Aug 03, 2010 - 2:38 am
"Wooden Ships" (CSNY reference)
Since the time I have been old enough to reason, let's say 40 years ago as I am now 54, I have been an agnostic, which is to say, not an unbeliever but an un-knower.
It is not something I am proud of, but it is also not something I am ashamed of. It simply is. I simply am, I guess I should say. Agnostics do not insist on much, generally. We do not, for example, insist that there is no god. We do not, on the other hand, insist that there is a god. We insist on one thing only: um, we don't know.
To be honest, it is not a great place to be. Having been raised a Roman Catholic, given the opportunity to bolt only when I reached some mysterious maturity in my father's mind at the age of 13, an opportunity I grabbed by the horns, pardon the seeming blaspheme, I have always had a sort of admiration for those of true belief, even a longing, to be honest. I think that life would be a lot more fun, a lot more hopeful, with a god in it. It would be more meaningful.
A life without a god is a life where one has to create one's own ethics, one's own morality, one's own MEANING. It can be troublesome if one is too thoughtful.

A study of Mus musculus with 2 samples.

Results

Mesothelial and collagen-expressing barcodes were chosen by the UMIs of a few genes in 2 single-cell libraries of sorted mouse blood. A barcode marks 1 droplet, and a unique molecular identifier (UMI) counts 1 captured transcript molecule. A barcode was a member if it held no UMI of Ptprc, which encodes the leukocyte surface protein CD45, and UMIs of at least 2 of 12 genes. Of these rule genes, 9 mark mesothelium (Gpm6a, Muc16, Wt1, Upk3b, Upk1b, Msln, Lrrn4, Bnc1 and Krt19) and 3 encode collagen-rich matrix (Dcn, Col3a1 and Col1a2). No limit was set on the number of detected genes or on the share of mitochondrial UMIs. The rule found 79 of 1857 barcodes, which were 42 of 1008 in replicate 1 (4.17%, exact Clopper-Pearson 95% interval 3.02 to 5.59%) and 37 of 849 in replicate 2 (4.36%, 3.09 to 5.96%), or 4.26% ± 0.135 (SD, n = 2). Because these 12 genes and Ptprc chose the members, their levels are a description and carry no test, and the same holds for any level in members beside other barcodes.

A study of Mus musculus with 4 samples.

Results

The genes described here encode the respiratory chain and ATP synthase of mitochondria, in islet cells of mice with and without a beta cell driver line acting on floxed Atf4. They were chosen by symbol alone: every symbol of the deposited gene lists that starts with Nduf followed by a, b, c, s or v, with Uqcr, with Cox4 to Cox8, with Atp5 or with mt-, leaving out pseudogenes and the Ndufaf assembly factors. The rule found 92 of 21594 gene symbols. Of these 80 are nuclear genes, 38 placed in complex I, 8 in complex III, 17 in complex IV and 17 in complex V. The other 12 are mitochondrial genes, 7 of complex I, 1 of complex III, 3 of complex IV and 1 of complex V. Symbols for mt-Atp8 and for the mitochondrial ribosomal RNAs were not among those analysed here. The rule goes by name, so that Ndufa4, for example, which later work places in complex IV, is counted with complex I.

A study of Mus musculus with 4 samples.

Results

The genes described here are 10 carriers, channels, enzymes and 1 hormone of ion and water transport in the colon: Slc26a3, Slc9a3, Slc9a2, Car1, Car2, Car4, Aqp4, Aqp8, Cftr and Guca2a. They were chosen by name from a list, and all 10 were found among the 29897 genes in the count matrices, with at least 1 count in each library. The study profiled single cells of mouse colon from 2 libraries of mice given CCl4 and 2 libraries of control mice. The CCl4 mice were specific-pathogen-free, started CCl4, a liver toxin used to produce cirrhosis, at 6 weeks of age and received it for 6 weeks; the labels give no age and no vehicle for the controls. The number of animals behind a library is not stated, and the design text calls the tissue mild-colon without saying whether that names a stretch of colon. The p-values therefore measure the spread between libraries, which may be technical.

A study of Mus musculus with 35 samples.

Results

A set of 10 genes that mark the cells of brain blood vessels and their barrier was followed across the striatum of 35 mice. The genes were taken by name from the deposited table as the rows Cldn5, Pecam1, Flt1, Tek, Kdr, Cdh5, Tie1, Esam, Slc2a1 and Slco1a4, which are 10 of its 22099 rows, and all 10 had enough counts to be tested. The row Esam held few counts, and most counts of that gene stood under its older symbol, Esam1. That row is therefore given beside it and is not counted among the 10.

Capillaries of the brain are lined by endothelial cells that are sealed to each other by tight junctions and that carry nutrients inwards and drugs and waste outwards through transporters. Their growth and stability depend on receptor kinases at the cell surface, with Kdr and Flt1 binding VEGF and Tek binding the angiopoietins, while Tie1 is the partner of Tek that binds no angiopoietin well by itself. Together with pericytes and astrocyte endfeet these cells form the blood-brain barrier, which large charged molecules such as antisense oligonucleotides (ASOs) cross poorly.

I am too thoughtful.
But this is not to describe nor lament agnosticism. It is what it is, after all.
No, this is about a thought that some of us who are agnostic have, wondering if, as we grow older, closer to the end, we will capitulate, if it can be called that, if we will suddenly 'believe' and if it can be called that, if it can then be called belief.
I bring it up because of late I have been considering. I read a lot. I read in a lot of disjointed places, some of them having to do with math or physics or astronomy. I read a lot. I may read too much, although I never thought that possible.
In my reading I find that I am amazed by the possibilities. It is becoming harder and harder for me to stay on this fence that I tiptoe along. I am certain that I will never fall on the side of atheism. It is unfathomable: the concept is illogical to the max, in so much as it pretty much declares the believer that there is no god to be god (you can only know there is no god if you know all, yourself, which makes you all-knowing, which is one of the traits of a god).
But I may fall on the other side. And here's the thing: I will likely never be a christian or a jew or a muslim or any other -ist, any more than I will be an atheist. It just doesn't hold holy water. But I may become a believer. I may come to believe in a higher power. Why? The more you know, the more it is simply not comprehensible. It is just too frigging much. Too large, too beautiful, too wonderful, too much.
Black holes? Parallel universes? Chaos theory? String theory? Wave/particle theory? Love? Life? Death? Music? Art? Thought? Too much.
What bothers me is that I have always been concerned that as I got older, or closer to death, as the case may be, I would perhaps succumb as others I have known have done, that I would 'decide' to jump over to the 'good' side at the last minute and this, though it also feels like revelation to me, has that feel, like I am bailing on some givens in the name of comfort. It is not comfortable.
I remain in the grey area. But I am teetering.